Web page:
What's Your Type?

Joseph Christiano, N.D., C.N.C., puts a new twist on the oft-repeated phrase "You are what you eat." He says that to be healthy we have to eat what we are! Meaning? "Each of us should eat a diet that is compatible with our blood type," Christiano says, because "each blood type has different characteristics that allow it to eat, digest and assimilate food best for that group." People with Type O blood, for example, can metabolize almost anything, but those with Types A, B and AB must be more careful in choosing what kinds of food they eat. Christiano's book Blood Types, Body Types and You (Siloam) lists the foods that are best for each type and tells how to fix them to maximize health. Find out your blood type, and you're on the way to a better you!


It's not a small problem anymore; childhood obesity has become an epidemic. Statistics show that 30 percent of American kids are overweight or approaching that condition. In her new book, Overweight Kids (Integrity Publishers), licensed clinical therapist Linda Mintle lays part of the blame on the media. Spending a lot of time in front of screens--whether they are on a computer, TV or hand-held video game--reduces the amount of physical activity a child engages in and may expose him to advertisements for unhealthy products that encourage weight gain. Parents and other adults can help, says Mintle, by limiting exposure to all screen media, modeling healthy eating habits, and providing more opportunities for outdoor play.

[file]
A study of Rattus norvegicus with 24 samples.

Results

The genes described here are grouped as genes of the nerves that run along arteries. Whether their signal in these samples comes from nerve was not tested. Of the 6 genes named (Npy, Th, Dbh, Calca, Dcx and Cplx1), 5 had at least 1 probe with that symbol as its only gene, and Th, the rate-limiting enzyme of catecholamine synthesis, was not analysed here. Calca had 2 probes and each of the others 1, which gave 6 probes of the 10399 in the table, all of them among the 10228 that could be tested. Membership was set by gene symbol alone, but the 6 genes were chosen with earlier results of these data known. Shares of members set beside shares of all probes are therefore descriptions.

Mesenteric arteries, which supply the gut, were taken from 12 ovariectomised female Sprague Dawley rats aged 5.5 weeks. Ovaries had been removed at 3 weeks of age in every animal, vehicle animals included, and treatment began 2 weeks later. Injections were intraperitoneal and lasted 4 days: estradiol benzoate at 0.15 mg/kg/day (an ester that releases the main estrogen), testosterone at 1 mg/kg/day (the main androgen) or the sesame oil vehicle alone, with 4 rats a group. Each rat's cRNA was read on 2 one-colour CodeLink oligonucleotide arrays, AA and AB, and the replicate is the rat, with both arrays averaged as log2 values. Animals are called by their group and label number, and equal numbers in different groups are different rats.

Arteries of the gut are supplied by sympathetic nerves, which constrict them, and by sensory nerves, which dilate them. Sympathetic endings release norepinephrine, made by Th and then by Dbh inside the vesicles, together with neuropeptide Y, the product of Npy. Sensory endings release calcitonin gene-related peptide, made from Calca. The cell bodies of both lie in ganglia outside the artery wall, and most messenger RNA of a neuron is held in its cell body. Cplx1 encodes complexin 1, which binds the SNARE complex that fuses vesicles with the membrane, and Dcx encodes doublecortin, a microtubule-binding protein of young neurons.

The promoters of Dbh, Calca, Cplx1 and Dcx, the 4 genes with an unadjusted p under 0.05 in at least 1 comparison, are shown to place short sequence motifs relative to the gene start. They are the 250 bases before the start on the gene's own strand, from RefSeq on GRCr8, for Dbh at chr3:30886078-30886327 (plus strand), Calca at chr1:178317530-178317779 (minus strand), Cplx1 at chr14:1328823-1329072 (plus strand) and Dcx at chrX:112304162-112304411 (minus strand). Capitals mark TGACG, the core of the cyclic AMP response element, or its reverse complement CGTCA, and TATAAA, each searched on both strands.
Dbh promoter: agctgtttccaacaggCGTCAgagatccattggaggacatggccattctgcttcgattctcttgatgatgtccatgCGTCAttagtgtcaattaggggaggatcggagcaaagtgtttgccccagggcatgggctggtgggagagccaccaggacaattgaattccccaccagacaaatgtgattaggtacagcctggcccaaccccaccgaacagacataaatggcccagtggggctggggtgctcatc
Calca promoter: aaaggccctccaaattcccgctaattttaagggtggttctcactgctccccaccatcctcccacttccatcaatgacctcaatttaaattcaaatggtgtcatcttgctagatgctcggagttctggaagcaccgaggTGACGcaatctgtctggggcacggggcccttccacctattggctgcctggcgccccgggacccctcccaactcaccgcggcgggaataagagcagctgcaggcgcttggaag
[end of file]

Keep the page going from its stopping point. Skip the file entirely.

"Most women have been taught to believe that when they have hormonal symptoms, the reason is that they are low on estrogen. The truth is that many women are actually estrogen dominant; the levels of estrogen...are too high in their systems."
Healing By Design (Siloam, 2003, p. 105)



"And God said, 'See, I have given you every herb that yields seed which is on the face of all the earth, and every tree whose fruit yields seed; to you it shall be for food' " (Gen. 1:29, NKJV).